Want to make a difference in DeKalb County?
Register now for NIU’s “Hack for Change,” where citizens, leaders and tech enthusiasts of all ages will collaborate on innovative solutions to local challenges.
This free event will take place from 10 a.m. to 6 p.m. Saturday, June 4, in the Sky Room of NIU’s Holmes Student Center.
Participants will work in teams to identify pressing local issues, brainstorm improvements and explore how digital technology could help by making government services easier to access and navigate.
No coding experience? No worries. Plenty of techies will be on-site. The only requirement is a passion for problem solving.
“Over the last decade, new technologies have created new ways of working that are more collaborative, data-driven, and user-centered,” says Tracy Rogers-Tryba, a research associate at NIU’s Center for P-20 Engagement. “Unfortunately, those technologies have been put to use primarily in the private sector. Hack for Change is all about bringing those innovations to the community and local government, making it more responsive, more efficient, and more useful to all citizens.”
Code for America, the national organization behind Hack for Change, has set three challenge areas for 2016: hunger, housing and entrepreneurship. Depending on their interests, participants can investigate what it takes to apply for food stamps, affordable housing or a business license in DeKalb County – then explore how technology might streamline these crucial processes.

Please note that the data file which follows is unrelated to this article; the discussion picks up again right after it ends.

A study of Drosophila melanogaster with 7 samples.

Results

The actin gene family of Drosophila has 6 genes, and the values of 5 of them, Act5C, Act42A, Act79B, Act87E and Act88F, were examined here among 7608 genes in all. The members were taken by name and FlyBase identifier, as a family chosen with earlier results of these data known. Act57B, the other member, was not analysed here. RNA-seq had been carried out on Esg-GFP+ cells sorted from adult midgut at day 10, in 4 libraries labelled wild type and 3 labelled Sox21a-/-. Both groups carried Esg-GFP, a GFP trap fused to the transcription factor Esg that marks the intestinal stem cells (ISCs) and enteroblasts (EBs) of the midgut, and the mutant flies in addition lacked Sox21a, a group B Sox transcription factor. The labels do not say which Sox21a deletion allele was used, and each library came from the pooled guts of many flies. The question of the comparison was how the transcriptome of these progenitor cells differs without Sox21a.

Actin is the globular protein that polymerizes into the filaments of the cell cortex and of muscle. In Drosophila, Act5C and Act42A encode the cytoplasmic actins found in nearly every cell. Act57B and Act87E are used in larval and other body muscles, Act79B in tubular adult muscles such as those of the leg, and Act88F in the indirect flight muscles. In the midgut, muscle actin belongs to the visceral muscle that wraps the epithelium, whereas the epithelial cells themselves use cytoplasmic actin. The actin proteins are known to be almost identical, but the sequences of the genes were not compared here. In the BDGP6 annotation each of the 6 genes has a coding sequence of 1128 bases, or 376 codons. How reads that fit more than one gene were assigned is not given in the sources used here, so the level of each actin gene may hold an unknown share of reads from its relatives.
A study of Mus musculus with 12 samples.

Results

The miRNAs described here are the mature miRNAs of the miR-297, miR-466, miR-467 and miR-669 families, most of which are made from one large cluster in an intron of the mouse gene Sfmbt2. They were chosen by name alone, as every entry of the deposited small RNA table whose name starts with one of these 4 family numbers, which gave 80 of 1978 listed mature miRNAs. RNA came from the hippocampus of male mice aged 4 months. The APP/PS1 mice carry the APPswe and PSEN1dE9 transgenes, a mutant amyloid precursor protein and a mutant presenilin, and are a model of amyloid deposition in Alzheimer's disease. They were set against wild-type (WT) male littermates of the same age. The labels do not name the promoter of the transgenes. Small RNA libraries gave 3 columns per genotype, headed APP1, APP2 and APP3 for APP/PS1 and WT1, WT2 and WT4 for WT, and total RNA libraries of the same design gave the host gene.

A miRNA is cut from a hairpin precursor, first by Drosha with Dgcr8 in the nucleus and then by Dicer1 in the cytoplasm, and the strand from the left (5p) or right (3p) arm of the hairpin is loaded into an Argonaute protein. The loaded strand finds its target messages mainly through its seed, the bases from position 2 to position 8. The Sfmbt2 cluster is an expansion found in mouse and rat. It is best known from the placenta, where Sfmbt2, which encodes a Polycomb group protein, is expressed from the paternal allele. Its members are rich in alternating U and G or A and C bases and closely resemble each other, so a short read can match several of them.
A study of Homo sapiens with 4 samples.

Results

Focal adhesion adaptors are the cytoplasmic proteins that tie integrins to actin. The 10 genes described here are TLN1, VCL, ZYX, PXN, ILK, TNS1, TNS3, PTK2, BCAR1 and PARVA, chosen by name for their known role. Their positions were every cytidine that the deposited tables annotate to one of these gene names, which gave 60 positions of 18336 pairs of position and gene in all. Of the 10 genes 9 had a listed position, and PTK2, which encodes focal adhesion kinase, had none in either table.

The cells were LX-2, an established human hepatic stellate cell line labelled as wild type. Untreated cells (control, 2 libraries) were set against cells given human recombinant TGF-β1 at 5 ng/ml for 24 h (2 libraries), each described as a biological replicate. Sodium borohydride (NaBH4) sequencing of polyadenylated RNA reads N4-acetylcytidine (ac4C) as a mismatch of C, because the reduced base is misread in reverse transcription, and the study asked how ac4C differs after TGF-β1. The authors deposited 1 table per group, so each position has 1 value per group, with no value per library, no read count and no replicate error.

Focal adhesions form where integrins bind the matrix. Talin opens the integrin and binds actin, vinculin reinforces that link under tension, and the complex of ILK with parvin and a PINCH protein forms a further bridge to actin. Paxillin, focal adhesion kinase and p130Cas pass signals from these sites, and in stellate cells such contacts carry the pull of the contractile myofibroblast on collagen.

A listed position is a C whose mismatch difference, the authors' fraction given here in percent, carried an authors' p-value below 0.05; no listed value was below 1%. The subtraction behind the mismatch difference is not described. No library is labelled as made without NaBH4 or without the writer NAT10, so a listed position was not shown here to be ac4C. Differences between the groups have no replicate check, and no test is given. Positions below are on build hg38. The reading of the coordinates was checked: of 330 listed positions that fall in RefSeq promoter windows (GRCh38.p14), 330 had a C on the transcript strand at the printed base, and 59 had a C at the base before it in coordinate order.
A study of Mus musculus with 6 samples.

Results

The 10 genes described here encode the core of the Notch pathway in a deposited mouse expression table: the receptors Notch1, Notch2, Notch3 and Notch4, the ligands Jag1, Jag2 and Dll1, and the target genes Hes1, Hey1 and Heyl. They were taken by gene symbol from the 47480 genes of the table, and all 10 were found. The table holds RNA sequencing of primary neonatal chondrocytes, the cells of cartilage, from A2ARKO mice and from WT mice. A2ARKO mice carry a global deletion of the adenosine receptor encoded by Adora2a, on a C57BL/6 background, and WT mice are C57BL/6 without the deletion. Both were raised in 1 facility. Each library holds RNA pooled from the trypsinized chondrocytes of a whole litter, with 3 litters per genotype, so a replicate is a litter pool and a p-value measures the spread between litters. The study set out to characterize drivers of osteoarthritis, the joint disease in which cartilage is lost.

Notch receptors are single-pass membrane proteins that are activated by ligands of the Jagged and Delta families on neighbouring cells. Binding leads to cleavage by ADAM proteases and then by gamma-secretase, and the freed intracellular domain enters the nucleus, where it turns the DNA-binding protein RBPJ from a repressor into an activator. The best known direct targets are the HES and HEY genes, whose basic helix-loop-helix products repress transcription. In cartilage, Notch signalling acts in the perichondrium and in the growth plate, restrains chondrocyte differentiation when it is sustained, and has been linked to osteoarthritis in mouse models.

“The challenge areas are just options,” Rogers-Tryba says. “Everyone should raise whatever local issues they’re the most fired up about. The more people attend, and the more sectors of our community they represent, the more we’ll get done.”
NIU is rapidly emerging as a hub for “civic hacking,” the use of technology to make government resources more accessible. Tech Bark, the student organization co-sponsoring “Hack for Change,” is the first-ever “University Brigade” of computer coders to be recognized by Code For America.
Hack for Change and the recent CodeAcross DeKalb are part of larger national events focused on the recognition and utilization of coding as an integral part of critical problem solving, particularly for issues related to civic services.
NIU recognizes the growing importance of computer coding as a digital literacy skill and will continue to engage students of all ages along with community members and civic agencies in the search for collaborative solutions.
For more information, contact Rogers-Tryba at (815) 753-2090 or firstname.lastname@example.org.